Nitrogen oxides have a negative impact on the environment and human life.

They can be removed by a process called selective reduction catalysis, in which an aqueous urea solution is sprayed into the hot flue gas, resulting in the conversion of nitrogen oxides to non-toxic nitrogen and water vapor. Today’s diesel- and the gas-fuelled industry faces a significant problem with atmospheric emissions of nitrogen oxides (NOx). Our SCR systems are designed with efficiency and ergonomics in mind, which, combined with the use of the best materials, allows them to meet the most stringent emission limits while ensuring reliable operation. Thanks to the closed-loop dosing system, we can ensure that urea consumption is kept at the lowest possible level to reduce NOx, which directly translates into reduced operating costs, and our computational fluid dynamics tools help us to determine the best place to install the urea dosing nozzle.

Our SCR system

Our SCR system

Here are some considerations to consider before purchasing an SCR system:

  • Location of the SCR system- if the SCR system is to be operated outdoors, it is worth considering water-impermeable thermal insulation. In such cases, we provide welded insulation.
  • We recommend not moving the SCR system too far away from the turbine outlet, typically this is 3-5 metres. This will ensure that the system operates within the correct temperature range (typically 250-500 oC).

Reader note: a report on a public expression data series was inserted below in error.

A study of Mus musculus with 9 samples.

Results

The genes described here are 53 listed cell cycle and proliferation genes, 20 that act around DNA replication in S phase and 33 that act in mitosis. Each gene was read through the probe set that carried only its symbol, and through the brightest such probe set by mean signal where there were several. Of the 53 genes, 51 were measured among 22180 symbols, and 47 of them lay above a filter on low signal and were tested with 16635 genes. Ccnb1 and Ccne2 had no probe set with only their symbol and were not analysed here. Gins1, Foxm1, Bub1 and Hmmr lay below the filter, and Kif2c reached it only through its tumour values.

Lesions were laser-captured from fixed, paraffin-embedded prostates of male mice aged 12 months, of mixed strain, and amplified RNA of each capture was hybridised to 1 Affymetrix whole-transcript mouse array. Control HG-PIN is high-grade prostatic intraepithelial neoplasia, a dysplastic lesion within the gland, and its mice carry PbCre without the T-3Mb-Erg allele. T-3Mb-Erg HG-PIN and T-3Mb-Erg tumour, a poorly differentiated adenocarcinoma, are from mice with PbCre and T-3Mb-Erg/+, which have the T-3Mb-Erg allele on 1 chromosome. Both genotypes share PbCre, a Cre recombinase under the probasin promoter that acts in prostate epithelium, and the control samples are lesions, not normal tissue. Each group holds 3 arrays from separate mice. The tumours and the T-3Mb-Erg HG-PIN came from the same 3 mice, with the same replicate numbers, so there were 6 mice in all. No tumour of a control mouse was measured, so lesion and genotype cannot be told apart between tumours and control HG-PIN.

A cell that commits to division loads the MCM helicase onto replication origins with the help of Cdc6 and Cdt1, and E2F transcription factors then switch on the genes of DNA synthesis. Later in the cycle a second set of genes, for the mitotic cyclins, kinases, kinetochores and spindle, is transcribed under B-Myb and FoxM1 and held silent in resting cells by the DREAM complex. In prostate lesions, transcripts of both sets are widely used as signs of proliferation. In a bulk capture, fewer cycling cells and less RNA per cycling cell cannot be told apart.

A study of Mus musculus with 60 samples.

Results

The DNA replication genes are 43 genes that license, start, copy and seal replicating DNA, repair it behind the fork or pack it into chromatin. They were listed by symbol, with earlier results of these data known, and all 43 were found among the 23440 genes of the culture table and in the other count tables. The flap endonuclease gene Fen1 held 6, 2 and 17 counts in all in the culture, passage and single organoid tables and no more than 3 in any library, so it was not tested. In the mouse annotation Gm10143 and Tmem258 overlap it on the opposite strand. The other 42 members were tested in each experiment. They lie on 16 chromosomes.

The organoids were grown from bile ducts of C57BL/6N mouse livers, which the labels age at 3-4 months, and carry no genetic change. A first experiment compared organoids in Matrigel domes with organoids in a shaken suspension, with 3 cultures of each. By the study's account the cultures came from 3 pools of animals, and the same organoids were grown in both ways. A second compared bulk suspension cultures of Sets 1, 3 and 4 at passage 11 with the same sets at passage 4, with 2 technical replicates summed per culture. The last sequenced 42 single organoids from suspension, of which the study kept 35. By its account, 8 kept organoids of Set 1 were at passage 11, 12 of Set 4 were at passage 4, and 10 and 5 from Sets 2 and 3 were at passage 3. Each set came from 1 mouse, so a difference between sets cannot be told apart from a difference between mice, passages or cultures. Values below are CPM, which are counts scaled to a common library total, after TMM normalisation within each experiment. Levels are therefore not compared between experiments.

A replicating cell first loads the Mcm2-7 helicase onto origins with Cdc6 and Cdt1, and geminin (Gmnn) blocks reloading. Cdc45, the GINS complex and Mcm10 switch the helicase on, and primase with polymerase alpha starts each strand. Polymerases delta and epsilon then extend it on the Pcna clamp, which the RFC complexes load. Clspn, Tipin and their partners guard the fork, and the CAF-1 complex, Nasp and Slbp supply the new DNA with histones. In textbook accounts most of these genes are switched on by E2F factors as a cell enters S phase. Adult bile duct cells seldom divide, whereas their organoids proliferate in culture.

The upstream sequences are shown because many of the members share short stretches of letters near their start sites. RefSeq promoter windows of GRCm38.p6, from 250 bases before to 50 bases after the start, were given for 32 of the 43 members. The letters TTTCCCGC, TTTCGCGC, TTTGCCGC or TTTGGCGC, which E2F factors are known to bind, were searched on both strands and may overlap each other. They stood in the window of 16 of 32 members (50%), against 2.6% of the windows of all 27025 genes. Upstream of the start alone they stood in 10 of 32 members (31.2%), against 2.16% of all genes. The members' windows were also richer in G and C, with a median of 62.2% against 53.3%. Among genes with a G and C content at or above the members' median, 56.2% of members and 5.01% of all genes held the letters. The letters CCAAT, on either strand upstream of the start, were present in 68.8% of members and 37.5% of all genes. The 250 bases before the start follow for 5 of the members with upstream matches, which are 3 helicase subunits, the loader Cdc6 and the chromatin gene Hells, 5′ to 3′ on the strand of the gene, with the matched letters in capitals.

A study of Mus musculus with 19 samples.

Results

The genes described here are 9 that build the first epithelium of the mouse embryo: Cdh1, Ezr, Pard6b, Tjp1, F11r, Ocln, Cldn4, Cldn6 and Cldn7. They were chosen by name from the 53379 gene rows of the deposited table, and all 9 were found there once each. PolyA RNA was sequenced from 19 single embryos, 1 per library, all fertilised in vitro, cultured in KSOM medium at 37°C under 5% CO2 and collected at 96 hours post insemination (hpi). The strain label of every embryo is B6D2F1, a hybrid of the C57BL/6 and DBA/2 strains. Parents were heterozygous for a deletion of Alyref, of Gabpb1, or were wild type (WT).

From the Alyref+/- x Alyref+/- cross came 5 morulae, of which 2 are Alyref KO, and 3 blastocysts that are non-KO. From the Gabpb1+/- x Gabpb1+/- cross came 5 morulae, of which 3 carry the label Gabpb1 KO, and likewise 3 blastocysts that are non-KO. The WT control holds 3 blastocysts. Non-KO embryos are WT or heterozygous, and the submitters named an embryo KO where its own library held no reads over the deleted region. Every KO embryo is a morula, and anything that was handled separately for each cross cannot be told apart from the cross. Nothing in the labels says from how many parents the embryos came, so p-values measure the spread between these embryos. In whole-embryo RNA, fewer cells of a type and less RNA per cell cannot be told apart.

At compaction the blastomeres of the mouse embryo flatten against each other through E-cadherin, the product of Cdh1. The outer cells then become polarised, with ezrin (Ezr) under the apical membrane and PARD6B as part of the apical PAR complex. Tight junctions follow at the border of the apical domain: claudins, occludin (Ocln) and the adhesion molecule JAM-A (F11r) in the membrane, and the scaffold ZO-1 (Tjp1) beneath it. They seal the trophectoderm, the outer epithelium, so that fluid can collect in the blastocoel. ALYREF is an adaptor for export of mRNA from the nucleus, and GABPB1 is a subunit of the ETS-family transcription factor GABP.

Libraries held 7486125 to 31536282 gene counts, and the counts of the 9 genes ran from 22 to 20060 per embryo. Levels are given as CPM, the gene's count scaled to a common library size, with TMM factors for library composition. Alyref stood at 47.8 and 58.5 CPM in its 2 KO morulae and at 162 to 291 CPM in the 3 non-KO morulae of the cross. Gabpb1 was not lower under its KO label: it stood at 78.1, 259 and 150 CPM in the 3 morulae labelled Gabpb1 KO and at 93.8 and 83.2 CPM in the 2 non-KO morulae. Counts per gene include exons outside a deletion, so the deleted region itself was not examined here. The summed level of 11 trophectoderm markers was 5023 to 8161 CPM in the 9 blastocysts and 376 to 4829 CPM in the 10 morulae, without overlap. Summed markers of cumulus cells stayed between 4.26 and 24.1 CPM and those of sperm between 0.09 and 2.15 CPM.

• At genset start-up, dust emissions are very high; if a catalytic substrate with a high channel density is used (e.g. CPSI>200), individual channels may become clogged. This will result in an increase in exhaust back pressure and consequently a reduction in engine power. Obviously, NOX reduction efficiency will also decrease.
  • If particulate emissions are too high, the SCR should be fitted with a soot blower system.
  • Urea can be used in a 32.5% and 40% solution. The 32.5% solution freezes at a temperature of around -11°C, if SCR is to be used at these temperatures, the system should be equipped with heated urea lines. The 40% solution freezes at 0 °C and is mainly used in the marine industry.
  • Low sulphur fuel is currently used in Europe. If a engine with an SCR system is intended for outside the EU, it is worthwhile to know which fuel will be used. A high sulphur content and low exhaust temperature leads to the formation of ammonium bisulphate, which causes clogging and deactivation of the SCR catalytic converter.
  • Preliminary numerical calculations made by the company supplying the SCR are able to determine many of the operating parameters and also select the minimum mixer pipe section and mixer geometry.

Contact us

Our team is happy to answer any questions.